Schools work to promote student safety

Written by: Ellie Harris, Opinion Editor

Photo by: Olivia Biddle, News Editor

Adam Barton

Adam Barton

 

In the wake of the tragedy in Parkland, Fla. communities across the country are paying more attention to the security of their schools and the Community School Corporation of Southern Hancock County is no exception.

However, the work the schools’ administrators do 365 days a year to ensure the safety of its students is sometimes forgotten.

“It’s always ongoing, it’s always something that’s on top of our minds,” assistant principal Adam Barton said, “We have monthly safety meetings with all the administrators in the corporation to go through what we do inside each building and we always make sure we tweak our safety plan.”

According to Barton, the safety plan is almost 80 pages of information that covers the protocol for a multitude of scenarios and it is constantly being revised.

“The keys to the safety plan is to make sure every teacher is aware if there is an emergency lockdown drill or a preventative lockdown drill to try to keep it as basic as possible,” Barton said. “But the key things are really the little things we do every day: the visitors badges, people coming through in through the main office, everyone’s not propping door so people can come in without being checked as they come in.”

In response to a school shooting Feb. 14 in which 17 high school students died, Miles Hercamp, the school corporation’s director of safety, is among the administrators doing their part to make safety as easy as possible.

“Right now doors are supposed to be locked, but the problem is getting in and out. So we are getting little magnets to go in the doors so they can open and close, but if there’s a lockdown instead of having to come outside to lock the door, (teachers) will just open the door a little bit and pull that magnet out and the doors are locked,” Hercamp said, “That’s something simple and it’s not going to eliminate everything.”

But building safety isn’t the only component to keeping students safe. The CSCSHC participates in active shooter simulations as well as cybersecurity seminars.

“So if parents see something online they know ‘this is what you need to do these are the things you need to look for’,” Hercamp said.

Communication is key, and administrators in association with local resource officers are trying to make that more of a priority.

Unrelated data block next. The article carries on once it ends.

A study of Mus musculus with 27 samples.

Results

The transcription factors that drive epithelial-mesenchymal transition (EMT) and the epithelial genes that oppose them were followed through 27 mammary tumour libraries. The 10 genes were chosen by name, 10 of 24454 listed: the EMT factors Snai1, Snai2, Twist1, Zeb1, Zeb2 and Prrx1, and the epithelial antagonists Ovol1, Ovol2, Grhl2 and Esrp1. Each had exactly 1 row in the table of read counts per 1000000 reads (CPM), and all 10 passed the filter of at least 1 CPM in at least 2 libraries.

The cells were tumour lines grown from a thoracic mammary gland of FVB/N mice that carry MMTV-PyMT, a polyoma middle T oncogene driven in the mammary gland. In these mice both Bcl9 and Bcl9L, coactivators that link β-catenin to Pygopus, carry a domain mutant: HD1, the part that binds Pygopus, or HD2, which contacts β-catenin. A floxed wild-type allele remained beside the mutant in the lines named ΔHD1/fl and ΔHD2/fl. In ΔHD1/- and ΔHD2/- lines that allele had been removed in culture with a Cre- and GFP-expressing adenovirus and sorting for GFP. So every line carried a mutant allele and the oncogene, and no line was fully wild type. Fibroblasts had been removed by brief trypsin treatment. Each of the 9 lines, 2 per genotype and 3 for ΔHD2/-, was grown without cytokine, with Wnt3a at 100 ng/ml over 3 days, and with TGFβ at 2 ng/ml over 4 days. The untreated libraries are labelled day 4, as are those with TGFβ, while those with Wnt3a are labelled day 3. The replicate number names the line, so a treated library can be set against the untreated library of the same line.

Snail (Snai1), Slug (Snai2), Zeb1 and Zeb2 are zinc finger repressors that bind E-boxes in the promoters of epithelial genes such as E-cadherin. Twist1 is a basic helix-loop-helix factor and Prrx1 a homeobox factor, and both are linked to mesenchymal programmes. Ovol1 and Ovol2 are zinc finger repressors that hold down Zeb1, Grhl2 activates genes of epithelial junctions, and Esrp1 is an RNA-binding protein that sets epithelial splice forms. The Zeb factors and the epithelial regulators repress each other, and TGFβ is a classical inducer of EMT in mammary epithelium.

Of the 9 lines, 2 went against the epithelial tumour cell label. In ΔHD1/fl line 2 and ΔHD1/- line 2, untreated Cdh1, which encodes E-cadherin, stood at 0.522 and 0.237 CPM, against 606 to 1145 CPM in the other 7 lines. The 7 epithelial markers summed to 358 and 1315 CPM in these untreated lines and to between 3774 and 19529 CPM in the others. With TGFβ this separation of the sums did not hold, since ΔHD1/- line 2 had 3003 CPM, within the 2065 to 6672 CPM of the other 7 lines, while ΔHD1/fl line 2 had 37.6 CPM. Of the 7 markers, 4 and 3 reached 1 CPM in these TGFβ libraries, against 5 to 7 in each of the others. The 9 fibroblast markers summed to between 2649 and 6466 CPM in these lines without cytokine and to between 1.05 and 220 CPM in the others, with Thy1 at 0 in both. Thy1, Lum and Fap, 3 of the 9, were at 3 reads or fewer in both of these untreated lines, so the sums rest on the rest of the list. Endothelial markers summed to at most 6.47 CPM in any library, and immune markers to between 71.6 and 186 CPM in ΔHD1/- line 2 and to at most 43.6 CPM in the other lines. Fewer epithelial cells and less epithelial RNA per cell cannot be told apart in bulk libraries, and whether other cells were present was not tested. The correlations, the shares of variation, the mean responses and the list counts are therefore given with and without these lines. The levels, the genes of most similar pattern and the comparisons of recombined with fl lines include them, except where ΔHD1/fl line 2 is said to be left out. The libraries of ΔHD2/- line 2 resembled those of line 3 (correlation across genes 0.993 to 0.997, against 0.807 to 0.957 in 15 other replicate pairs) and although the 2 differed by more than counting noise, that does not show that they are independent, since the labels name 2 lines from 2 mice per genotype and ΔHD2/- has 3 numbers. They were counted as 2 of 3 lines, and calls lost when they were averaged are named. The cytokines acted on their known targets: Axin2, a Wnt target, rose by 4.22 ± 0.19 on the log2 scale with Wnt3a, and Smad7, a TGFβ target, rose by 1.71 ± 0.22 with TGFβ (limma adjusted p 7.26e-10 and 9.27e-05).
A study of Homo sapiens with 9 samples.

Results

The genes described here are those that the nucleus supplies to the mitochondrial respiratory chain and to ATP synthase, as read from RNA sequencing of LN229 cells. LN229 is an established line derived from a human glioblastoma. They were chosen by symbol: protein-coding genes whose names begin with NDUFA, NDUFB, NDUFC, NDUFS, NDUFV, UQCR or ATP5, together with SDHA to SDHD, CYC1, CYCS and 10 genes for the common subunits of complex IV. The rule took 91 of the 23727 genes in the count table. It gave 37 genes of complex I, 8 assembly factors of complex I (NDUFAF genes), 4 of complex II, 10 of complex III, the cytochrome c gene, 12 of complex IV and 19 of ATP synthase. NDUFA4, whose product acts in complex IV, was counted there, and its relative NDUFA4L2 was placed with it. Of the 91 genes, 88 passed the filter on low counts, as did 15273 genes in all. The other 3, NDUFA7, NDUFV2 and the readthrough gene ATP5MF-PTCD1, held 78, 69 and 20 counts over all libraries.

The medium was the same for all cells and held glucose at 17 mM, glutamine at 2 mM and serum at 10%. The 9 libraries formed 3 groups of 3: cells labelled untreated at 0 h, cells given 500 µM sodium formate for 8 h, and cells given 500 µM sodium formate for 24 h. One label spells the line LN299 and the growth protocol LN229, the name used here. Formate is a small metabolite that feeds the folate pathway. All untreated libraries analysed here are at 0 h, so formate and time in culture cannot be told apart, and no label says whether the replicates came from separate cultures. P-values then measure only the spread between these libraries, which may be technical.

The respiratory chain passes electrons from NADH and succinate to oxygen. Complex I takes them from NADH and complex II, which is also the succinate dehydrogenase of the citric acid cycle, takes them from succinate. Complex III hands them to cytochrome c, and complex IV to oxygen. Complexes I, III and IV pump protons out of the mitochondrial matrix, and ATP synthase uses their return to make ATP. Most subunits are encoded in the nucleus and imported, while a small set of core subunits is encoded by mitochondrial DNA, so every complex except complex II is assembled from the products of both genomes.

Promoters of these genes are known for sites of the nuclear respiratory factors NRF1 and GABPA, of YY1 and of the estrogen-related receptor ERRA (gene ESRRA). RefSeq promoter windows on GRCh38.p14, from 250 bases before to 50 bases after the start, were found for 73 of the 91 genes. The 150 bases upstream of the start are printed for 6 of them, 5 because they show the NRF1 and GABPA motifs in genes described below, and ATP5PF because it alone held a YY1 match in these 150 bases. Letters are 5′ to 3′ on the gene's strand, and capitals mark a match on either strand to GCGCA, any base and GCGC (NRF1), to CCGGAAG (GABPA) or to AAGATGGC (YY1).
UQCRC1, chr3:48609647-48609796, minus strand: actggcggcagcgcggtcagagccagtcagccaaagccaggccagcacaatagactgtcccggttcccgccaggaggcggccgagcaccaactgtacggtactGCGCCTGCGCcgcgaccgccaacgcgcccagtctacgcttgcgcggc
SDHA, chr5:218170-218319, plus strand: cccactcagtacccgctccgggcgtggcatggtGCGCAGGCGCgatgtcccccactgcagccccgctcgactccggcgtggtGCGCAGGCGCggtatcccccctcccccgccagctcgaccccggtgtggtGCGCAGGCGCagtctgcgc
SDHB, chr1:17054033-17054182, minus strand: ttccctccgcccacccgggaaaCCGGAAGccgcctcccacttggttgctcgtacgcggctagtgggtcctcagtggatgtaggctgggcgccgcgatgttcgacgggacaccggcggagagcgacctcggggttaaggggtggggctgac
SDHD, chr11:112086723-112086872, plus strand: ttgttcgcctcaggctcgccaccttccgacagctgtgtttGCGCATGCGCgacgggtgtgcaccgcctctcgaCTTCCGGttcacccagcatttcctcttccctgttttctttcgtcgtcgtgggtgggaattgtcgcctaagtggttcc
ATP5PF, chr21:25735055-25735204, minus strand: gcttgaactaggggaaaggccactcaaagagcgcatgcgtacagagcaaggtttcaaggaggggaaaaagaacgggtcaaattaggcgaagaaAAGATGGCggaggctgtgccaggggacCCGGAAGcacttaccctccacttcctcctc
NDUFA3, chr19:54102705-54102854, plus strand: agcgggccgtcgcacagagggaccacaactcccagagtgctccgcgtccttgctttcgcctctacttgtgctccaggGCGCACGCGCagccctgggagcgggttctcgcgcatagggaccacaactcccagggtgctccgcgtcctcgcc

“We think one of the things that could make schools safer is to have bigger presence of SRO’s (student resource officers),” Hercamp said, “We have one on campus and we have one at the Doe Creek campus area. But, there are six or seven guys that come in and out all the time. It would be nice to have one person that is here every single day so that the students know who he or she is and start building relationships.”  

The purpose of these relationships is so students feel comfortable enough with the presence of SRO’s to tell them when something is off. Through these relationships, the officers might also be able to identify activity that is out of the ordinary on their own.

“What we don’t know we can’t investigate,” Hercamp said, “We need reports. We need to get students and parents comfortable in reporting if they see something suspicious.”

Anyone who would like to report can find the link on the district’s website, the Southern Hancock mobile app, and on the student Canvas page. Students are also encouraged to report anything in person to any staff member at any time.

“It’s not just bullying it’s any incident you think is a problem,” Hercamp said.

In addition to SROs, the principals themselves also look into reports.

“The high school reports go to Mr. Barton and Mr. (Kieth) Fessler, and the NPE reports go to Mr. (Vincent) Meo and Mrs. (Katy) Eastes and so forth, and there are two of us at the corporation office that get all of them,” Hercamp said.

Hercamp, Barton and Fessler all work together to investigate every report from NPHS they are given, no matter what day or hour. One Friday after Barton and Fessler had already left the building, Hercamp called them back to work to look over a report he had received at 4:30 p.m. that afternoon.

“(We) found out there was nothing to it, but it was a report we had to investigate and we investigate every one,” Hercamp `said.